Schools may be disrupted as the country prepares for the August 9 general election because the majority of them will be used as polling or tallying stations.
This makes it more difficult for normal teaching and learning to take place.
The 2022 calendar will begin in April, signaling yet another race against time to restore normalcy — the traditional January to December cycle.
Primary and secondary schools will remain open for the second semester, which begins on July 11.
It will run for ten weeks, ending on September 17.
According to Nicholas Maiyo, chairman of the National Parents Association, schools will need to close a few days before elections to allow for the preparation of polling stations.
According to Maiyo, the political temperatures could cause a fear of unrest, resulting in the panic closure of some institutions.
“This is a scenario in which all education stakeholders must sit down and review the calendar in order to accommodate the election period,” he said.
According to his suggestions, institutions could be forced to take early mid-term exams that could be extended from three days to one week or even longer.
The midterm will take place over three days, from August 11 to 14.
“We can take a one-week break with schools closing on August 7 to allow for elections, and hopefully things will be back to normal by August 14,” Maiyo said.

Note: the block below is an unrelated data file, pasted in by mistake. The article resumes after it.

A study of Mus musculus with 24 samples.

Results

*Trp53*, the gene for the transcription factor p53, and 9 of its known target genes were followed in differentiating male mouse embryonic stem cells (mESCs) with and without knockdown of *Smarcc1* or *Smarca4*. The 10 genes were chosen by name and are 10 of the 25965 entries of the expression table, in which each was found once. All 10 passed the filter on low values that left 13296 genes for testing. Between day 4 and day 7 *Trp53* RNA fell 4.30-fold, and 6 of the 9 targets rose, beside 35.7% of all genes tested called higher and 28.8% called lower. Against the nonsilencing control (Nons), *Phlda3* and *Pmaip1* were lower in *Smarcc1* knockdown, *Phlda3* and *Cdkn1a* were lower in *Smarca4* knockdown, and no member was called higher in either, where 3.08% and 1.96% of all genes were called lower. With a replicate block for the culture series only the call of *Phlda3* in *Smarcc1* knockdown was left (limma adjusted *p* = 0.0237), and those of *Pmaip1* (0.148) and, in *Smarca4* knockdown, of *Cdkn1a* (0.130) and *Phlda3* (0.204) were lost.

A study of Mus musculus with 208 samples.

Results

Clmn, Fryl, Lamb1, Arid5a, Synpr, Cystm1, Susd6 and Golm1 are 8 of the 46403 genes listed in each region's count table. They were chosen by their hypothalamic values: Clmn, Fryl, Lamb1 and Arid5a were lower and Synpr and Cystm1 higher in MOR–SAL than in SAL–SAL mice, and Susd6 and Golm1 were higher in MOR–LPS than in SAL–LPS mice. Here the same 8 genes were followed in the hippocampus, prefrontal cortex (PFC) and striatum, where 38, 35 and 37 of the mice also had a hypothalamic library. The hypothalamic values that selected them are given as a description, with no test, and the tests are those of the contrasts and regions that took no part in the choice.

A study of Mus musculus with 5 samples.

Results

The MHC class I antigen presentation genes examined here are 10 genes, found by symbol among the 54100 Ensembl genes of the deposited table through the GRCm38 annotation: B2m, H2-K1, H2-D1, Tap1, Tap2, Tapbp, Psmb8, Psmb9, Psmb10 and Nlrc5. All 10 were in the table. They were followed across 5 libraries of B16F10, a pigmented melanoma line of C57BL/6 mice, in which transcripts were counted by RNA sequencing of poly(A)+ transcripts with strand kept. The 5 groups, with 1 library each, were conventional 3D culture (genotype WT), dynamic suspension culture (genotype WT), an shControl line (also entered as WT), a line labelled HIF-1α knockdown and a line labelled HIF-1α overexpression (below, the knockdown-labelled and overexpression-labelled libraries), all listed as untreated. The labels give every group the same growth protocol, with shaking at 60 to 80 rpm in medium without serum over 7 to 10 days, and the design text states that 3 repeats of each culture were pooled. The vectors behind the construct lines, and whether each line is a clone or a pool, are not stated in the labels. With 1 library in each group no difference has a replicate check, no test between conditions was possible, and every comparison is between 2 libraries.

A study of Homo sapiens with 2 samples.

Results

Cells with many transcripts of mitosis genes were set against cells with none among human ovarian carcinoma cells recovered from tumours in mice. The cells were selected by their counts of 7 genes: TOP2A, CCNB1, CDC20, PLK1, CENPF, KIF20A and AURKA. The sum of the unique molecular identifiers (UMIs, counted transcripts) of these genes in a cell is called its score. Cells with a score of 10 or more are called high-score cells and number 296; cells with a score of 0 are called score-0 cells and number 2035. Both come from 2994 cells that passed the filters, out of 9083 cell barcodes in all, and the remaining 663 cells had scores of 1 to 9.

“Anything outside of this will jeopardize the school calendar.”
However, there is concern that a prolonged shutdown will cause syllabus coverage to be delayed for classes taking 2022 national exams in November and December.
Schools will reopen for term 1 on April 24, 2022, for a 10-week period ending on July 1.
The second term will run from July 11 to September 16, and the third term will run from September 26 to November 25.
Students in Std 7 and Form 3 will take their KCPE and KCSE exams in November and December.
The KCPE exam will be held between November 28 and December 1, while the KCSE exam will be held between December 1 and December 23.
“We have a limited time to prepare the candidates, so closing schools for more than a week will disrupt the calendar,” said Indimuli Kahi, chairman of the Kenya Secondary Schools Heads Association.
During the same time period, primary schools will administer the national assessment for the competency-based curriculum’s pioneer cohort.
It is expected that by the end of 2022, all of the time lost during the school closure will have been recovered, and that the academic calendar will have returned to normal by January 2023.